Coming Home Again | Review
The Power of Goodbye: Wang Returns with Heartfelt Portrait of Grief
The famous 1940 novel by Thomas Wolfe gave us the poetic metaphor about the impossibility of going home again, which also doubles as a warning on the potential danger of wallowing in nostalgia. An expert in mining the subtleties of human bonds, Wayne Wang returns with a reflective indie effort, Coming Home Again, a small scale portrait of the emotional trauma experienced in a universally recognizable scenario of having to return to one’s origins to care for an ailing loved one.
Based on an essay by novelist Chang-rae Lee, originally published in the New Yorker in 1995, it’s an authentically primed odyssey which charts a young writer’s struggle with denial as he deals with the impending death of his mother from stomach cancer. Bonded not only by their love of Korean cuisine but by their prickly personalities as well, it’s a beautiful, albeit blunt homage to the transformative power of various lives interrupted by death.
Living as a writer in New York, Chang-rae (Justin Chon) takes it upon himself to put his career on hiatus and return to San Francisco to care for his mother (Jackie Chung), who is in the late stages of stomach cancer and has decided to forego further chemotherapy. Despite his father’s (John Lie) claims he is on hand to care for her, it becomes clear the move is at least partially motivated over Chang-rae’s guilt for having allowed himself to drift apart from his family. Memories of his initial acceptance to Exeter, and the only visit his parents made to him on campus, in which his body physically rejected the homecooked meal his mother had painstakingly prepared, ironically serves as the backdrop for a reverse situation. Having mastered the recipes his mother lovingly taught him as a child, her inability to hold down food, and therefore participate in the comforting memories of this bond, exacerbates his ability to confront the inevitable.
While Wang has long been the cinematic purveyor of the Asian American experience, perhaps never so momentously as his 1993 calling card, The Joy Luck Club, adapted from Amy Tan’s bestselling novel, he’s also curiously marrying loss with the social subtexts of cuisine.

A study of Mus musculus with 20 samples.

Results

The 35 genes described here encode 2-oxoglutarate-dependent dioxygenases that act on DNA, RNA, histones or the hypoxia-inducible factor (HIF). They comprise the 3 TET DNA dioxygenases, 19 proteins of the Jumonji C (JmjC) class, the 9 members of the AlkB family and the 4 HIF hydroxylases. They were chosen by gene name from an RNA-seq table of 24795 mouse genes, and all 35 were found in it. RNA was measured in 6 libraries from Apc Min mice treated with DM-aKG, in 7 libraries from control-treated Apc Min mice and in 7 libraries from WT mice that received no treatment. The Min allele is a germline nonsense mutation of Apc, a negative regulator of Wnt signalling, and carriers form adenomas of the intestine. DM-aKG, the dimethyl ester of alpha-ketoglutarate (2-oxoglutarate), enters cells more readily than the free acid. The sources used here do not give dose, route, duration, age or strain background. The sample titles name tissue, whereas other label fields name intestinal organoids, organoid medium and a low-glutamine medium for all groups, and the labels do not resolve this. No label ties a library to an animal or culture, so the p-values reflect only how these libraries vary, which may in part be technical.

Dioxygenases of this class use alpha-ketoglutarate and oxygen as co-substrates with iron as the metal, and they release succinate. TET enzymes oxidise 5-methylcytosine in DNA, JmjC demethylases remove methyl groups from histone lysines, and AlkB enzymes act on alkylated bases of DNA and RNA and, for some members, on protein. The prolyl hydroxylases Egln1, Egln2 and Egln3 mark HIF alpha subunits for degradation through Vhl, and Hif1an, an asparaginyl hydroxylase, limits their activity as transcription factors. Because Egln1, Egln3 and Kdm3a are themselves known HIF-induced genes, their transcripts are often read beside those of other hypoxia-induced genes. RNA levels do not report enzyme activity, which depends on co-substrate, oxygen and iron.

From his 1985 hit Dim Sum: A Little Bit of Heart to the 2006 glossy extravagance Last Holiday, in which Queen Latifah, believing she’s suffering from a chronic condition, feasts at a posh European hotel, food, and all the bonding and succor it provides the human experience, is a formidable key player in his latest venture as well. But even as it exists merely in the repeated preparation of a noted dish in which the meat must stay cleaved to the bone for nutrients and support, Coming Home Again is really a potent performance piece.
Justin Chon, in his most notable appearance since 2017’s Gook, is the anguished focal point. Flashbacks to an earlier period, wherein he tells his healthy mother she’s just ‘being lazy’ in asking him to assist with speaking to the bank, cuts like a jagged knife. Likewise, Wang formats one of the most depressing New Year’s Eve montages ever as his parents and sister go through the motions to midnight while Chang-rae agonizes over how it will be the last new year his mother will see. But its Jackie Chung who walks away as the most despairing figure, a patient, loving mother whose small outbursts are brief as she soaks in the reality of her demise. A conversation about the dreams she gave up to follow her husband to the US only cement the strain of sacrifice which has defined her existence.
Attempting to choke down the meal her son has prepared, Wang closes in on her while her children bicker offscreen, pulling back to a table drenched in a son’s self-pity and a mother’s steely reserve. Chung and Chon are so overpowering, the few scenes with Christina July Kim and John Lie hardly register, paired as the easygoing opposites of mom and brother. Neither self-aggrandizing or sugar coating in its presentation of overwhelming grief, Coming Home Again is a painstaking reminder of Wang’s supreme talents, a throwback to the power of Smoke (1995) and its ultimate celebration of human lives and our interconnectedness.